Livestock covered in feces, crowded, living with dead animals at Mercer farm
HAMILTON (Mercer County) — Police executing a search warrant at a local farm found livestock covered in feces, diseased, and living alongside dead animals, the county prosecutor's office said.
The warrant was executed at a farm on Uncle Pete's Road after township officials received complaints about the 14-acre property, Prosecutor Angelo J. Onofri said. The case was investigated by the newly formed Humane Law Enforcement Unit. Among the animals found were 38 runner ducks in one coop. Two of the ducks were dead, and the living fowl were covered in close to six inches of feces, the prosecutor's office said.
A chicken coop had 54 chickens inside, including one that was dead. All of the animals appear to be diseased, including one with "severe growths on its feet," Onofri said.
Investigators found another 12 chickens in an abandoned house, he said. Five of the animals in the house were dead, while one died when investigators came to the scene.
Investigators also found nine pigs covered in feces in a "garage-like structure," according to Onofri. Even as the scene was being checked out Hamilton Township Animal Control was alerted to a 500-pound hog from the farm roaming in a neighborhood near the property. With a combined effort of several agencies, the hog was able to be brought back to the property and put in a more secure pen, the prosecutor's office said.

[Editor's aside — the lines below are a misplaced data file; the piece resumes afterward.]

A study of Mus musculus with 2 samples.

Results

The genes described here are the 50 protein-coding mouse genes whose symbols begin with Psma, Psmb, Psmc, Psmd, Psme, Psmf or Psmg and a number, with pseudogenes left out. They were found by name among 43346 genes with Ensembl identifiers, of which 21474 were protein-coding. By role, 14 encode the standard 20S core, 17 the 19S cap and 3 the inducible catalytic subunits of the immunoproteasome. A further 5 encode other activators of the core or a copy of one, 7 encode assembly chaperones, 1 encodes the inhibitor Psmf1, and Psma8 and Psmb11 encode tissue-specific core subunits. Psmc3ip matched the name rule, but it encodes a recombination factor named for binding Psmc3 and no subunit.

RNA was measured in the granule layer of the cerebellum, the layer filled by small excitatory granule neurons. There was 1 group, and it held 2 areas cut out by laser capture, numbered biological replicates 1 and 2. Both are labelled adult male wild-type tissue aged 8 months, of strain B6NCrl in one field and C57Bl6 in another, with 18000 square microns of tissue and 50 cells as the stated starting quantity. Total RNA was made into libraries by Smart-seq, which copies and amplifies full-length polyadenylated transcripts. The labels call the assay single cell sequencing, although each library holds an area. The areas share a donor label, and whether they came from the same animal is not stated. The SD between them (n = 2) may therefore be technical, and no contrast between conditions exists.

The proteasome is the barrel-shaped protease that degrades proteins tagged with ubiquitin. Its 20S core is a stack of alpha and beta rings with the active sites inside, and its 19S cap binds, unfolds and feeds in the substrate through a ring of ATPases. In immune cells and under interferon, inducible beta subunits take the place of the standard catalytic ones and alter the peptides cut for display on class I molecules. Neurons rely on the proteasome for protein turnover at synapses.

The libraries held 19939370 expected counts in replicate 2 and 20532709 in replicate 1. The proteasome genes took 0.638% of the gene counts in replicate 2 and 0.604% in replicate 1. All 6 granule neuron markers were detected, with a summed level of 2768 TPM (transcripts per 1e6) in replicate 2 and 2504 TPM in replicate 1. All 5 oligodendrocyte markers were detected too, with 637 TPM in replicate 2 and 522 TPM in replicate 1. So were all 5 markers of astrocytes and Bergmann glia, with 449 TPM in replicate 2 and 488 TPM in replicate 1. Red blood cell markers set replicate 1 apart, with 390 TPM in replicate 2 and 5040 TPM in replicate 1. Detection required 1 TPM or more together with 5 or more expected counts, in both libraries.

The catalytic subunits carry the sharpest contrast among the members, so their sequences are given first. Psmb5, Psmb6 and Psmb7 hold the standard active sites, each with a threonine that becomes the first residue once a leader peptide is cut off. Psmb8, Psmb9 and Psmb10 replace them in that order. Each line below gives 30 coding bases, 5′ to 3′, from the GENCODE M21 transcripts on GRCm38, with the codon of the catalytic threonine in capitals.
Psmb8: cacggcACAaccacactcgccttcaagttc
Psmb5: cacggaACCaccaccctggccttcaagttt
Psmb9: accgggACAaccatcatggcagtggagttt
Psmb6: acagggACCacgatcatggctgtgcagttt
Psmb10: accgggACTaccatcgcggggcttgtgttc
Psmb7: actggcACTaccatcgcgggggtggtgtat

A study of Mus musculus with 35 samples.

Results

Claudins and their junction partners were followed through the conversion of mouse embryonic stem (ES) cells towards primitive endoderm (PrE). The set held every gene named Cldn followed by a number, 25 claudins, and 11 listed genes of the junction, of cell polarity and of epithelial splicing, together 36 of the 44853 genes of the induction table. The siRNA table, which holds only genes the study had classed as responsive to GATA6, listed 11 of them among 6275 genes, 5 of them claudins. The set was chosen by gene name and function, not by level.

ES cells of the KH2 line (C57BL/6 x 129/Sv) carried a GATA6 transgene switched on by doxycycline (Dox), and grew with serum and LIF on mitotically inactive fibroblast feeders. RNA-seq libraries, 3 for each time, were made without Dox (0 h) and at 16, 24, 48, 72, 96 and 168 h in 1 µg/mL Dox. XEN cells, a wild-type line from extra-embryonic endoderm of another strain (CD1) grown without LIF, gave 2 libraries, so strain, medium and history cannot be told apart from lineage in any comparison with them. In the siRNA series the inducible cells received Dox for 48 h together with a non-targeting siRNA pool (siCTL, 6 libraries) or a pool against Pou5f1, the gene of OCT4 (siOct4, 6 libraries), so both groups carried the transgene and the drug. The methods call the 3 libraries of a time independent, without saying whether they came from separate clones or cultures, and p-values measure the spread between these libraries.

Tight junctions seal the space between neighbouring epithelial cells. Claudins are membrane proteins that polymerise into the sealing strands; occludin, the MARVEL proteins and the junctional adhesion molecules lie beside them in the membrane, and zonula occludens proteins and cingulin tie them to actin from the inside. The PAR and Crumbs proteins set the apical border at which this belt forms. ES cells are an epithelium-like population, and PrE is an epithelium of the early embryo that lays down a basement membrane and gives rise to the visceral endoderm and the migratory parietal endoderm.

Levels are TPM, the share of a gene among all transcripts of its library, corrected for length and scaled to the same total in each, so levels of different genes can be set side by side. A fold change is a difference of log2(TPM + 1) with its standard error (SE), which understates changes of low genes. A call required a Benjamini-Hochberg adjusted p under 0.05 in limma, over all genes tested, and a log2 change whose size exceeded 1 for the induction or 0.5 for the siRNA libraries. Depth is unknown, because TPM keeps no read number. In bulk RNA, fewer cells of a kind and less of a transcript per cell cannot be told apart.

All of the living animals found on the property have been put in makeshift pens, and provided with food, water and shelter on the site. Onofri thanked a local family for donating enough food to feed the animals for a week.
The prosecutor said officials are hoping people will be able to take in the rescued animals. Anyone interested should contact Sgt. Eric Hastings of the Humane Law Enforcement Unit at email@example.com or 609-989-6063.
Following the investigation, police arrested 54-year-old Henry Guzikowski Jr. of Yardley, Pennsylvania. He was charged with multiple counts of third- and fourth-degree animal cruelty, and released pending a future court date. Guzikowski was also banned from adding or removing any animals from the property for the next 30 days.
Onofri said there is a historic preservation easement on the house, which meant Guzikowski was responsible for maintaining, preserving and protecting its historic character. As a result Guzikowski could face more legal troubles after Onofri's office sent information about the investigation findings to the county.